Unsupported browser

For a better experience please update your browser to its latest version.

Your browser appears to have cookies disabled. For the best experience of this website, please enable cookies in your browser

We'll assume we have your consent to use cookies, for example so you won't need to log in each time you visit our site.
Learn more

Digging up roads can lead to an almighty shower, and court case

  • Comment
legal matters

There are three water mains along Lisson Grove in central London with diameters of 4',9' and 36' In February 1997, Diggenwell Plant, engaged in that ubiquitous activity of cable laying, was digging a trench across Lisson Grove from east to west. Just after midday water began to appear in the trench. Diggenwell called Thames Water. No one at that stage realised Diggenwell had hit the 36' main. At 3.45pm, the main, in the words of His Honour Judge Seymour QC, 'exploded'. Thames managed to shut it three hours later but by that time properties in the vicinity had been flooded, costing the water services company more than £750,000 in compensation.

Last year, the judge heard Thames' claim against Diggenwell, in which Thames said the flood damage was the contractor's fault. The judgment makes interesting reading, mapping out Thames' responsibilities in respect of its underground services, reciting the saga of what happened, and setting out the judge's condemnation of Thames' handling of the situation.

The Metropolis Water Act 1852 obliges Thames to maintain accurate maps of mains and pipes.

Thames' maps of Lisson Grove show the three mains, with the 36'main along the western kerb.

It is, in fact, in the middle of the road.

Diggenwell claimed Thames knew that the map was wrong; that the 36' main was in the middle of the road; and that the main was at no great depth. It said Thames knew because less than five months earlier, and about 5m further down the road, another contractor digging another trench had hit the same main. What is more, one of Thames' employees, Mr Frost, attended both incidents. Putting to one side what this says about how often we have to endure roads being dug up, Diggenwell pointed to this earlier event and said that the true cause of the damage was Thames' failure to know or quickly realise that it was the 36'main that had been damaged.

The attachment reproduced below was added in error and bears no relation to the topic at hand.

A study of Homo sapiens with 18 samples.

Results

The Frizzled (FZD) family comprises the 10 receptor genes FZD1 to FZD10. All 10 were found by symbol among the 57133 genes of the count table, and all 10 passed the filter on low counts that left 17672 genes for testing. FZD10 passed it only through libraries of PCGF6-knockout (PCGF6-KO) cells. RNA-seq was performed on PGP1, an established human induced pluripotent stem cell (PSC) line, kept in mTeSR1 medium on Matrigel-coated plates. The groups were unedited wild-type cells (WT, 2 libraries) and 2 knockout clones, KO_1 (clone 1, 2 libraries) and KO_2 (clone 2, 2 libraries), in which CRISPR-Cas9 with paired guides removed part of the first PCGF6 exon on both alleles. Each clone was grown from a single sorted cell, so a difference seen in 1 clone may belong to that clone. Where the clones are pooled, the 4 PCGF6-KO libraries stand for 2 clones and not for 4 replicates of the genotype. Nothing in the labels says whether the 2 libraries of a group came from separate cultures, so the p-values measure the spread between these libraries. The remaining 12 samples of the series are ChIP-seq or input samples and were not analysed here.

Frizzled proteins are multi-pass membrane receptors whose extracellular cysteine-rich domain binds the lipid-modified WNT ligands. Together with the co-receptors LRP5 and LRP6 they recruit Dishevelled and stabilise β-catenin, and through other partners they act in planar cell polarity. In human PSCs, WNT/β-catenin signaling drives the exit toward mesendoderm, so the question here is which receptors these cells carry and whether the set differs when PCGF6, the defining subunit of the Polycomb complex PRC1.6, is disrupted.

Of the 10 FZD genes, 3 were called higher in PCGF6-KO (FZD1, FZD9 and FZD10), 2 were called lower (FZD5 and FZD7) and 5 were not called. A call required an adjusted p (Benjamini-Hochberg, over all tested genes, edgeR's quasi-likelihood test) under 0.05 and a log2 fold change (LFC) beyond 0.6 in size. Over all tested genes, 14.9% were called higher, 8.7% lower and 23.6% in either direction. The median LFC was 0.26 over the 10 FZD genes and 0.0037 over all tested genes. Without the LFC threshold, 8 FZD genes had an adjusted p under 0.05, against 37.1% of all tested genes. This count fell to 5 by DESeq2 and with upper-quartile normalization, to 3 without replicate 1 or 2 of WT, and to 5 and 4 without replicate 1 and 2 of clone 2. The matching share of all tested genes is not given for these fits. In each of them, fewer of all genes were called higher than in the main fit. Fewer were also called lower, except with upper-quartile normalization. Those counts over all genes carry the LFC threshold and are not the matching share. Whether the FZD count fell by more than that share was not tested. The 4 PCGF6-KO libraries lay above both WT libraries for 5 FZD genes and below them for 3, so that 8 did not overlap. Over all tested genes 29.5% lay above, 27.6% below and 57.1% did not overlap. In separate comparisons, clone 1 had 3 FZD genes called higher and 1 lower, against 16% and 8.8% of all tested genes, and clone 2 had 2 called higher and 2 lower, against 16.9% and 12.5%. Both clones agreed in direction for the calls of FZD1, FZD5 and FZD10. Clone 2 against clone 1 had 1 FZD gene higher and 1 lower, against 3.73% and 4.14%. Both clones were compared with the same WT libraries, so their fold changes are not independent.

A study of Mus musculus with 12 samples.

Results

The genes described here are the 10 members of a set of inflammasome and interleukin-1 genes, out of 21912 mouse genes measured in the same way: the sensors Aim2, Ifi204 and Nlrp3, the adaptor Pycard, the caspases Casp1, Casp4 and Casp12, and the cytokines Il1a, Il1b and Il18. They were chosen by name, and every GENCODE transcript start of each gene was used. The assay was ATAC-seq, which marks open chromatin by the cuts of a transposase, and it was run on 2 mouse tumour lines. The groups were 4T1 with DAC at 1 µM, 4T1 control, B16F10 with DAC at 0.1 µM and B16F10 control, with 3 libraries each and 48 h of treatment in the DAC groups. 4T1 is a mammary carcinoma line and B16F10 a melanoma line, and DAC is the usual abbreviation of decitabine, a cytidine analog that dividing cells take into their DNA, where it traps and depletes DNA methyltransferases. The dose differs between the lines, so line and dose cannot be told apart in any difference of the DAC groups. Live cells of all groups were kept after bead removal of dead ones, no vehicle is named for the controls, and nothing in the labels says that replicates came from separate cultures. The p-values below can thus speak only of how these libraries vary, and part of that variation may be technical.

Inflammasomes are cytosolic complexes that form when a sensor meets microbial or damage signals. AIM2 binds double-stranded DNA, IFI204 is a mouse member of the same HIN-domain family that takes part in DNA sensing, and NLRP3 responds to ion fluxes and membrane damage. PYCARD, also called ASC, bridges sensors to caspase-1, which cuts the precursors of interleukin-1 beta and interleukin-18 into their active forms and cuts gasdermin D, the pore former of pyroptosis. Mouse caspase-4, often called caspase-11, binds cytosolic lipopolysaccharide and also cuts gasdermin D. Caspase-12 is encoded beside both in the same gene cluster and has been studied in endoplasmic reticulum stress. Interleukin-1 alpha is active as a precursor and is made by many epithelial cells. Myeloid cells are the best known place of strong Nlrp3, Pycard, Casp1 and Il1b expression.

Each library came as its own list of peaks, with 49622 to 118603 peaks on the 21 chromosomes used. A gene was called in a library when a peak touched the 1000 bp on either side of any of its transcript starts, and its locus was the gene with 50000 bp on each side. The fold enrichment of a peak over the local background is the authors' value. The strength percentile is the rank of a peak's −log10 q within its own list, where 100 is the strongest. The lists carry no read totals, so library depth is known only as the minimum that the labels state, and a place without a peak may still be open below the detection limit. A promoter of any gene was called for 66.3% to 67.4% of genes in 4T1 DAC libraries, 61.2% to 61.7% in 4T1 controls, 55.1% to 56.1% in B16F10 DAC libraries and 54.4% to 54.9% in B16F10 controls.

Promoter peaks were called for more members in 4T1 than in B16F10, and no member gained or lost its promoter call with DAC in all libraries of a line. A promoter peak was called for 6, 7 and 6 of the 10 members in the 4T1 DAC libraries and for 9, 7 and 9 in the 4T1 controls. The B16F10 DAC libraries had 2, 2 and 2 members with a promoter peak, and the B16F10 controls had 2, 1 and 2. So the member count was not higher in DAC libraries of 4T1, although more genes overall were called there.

The judge pieced together the evidence carefully. Diggenwell had started working its way slowly across the road using jackhammers. The 4' main was exposed. The workmen then encountered a 'box'of hard concrete where they were expecting the 9'main to be. The jackhammers could not deal with the concrete, so they began to use a JCB to tackle the area of concrete from both the east and west sides, apparently working on the assumption that the width of the concrete was consistent with it containing a 9' main. The JCB, working at a shallow depth on what was assumed to be the far side of the concrete box, hit water.

Within about 30 minutes Thames arrived on site. It did not ask Diggenwell what mains had already been found. If it had, Thames would have realised the 4'main was already safely exposed.

Instead, Thames followed what the judge described as its 'rigid and inflexible approach' of successively shutting down the mains, starting with the smallest. It shut down the 4' main (which was plainly undamaged) and was still shutting down the 9'main when the damaged 36' main burst.

The judge decided Diggenwell had been negligent to use the JCB on what it assumed to be the far side of the concrete when it did not know what was beneath it. But he went on to find that it was Thames' failures that were the real cause of the flood damage.

Experts agreed that after the earlier incident Thames should have updated its plans or otherwise noted the position and depth of the largest main. On arriving at the site, it should have made a proper assessment. The judge concluded that if Thames'personnel had been equipped with all the relevant information known to the company, they would have appreciated, at once, that the main that had been hit was probably the 36'one, and shut it. Moreover, they could have done so without disrupting the water supply to the neighbourhood.

As to Mr Frost, the judge described it as 'wholly inexplicable'that he did not share his knowledge of the location of the 36' main with the other Thames personnel on site. Piecing together the timetable, the judge concluded that, had Thames acted as it should have done, the main could have been closed before it exploded, thereby avoiding the flood. What a shower.

  • Comment

Have your say

You must sign in to make a comment

Please remember that the submission of any material is governed by our Terms and Conditions and by submitting material you confirm your agreement to these Terms and Conditions.

Links may be included in your comments but HTML is not permitted.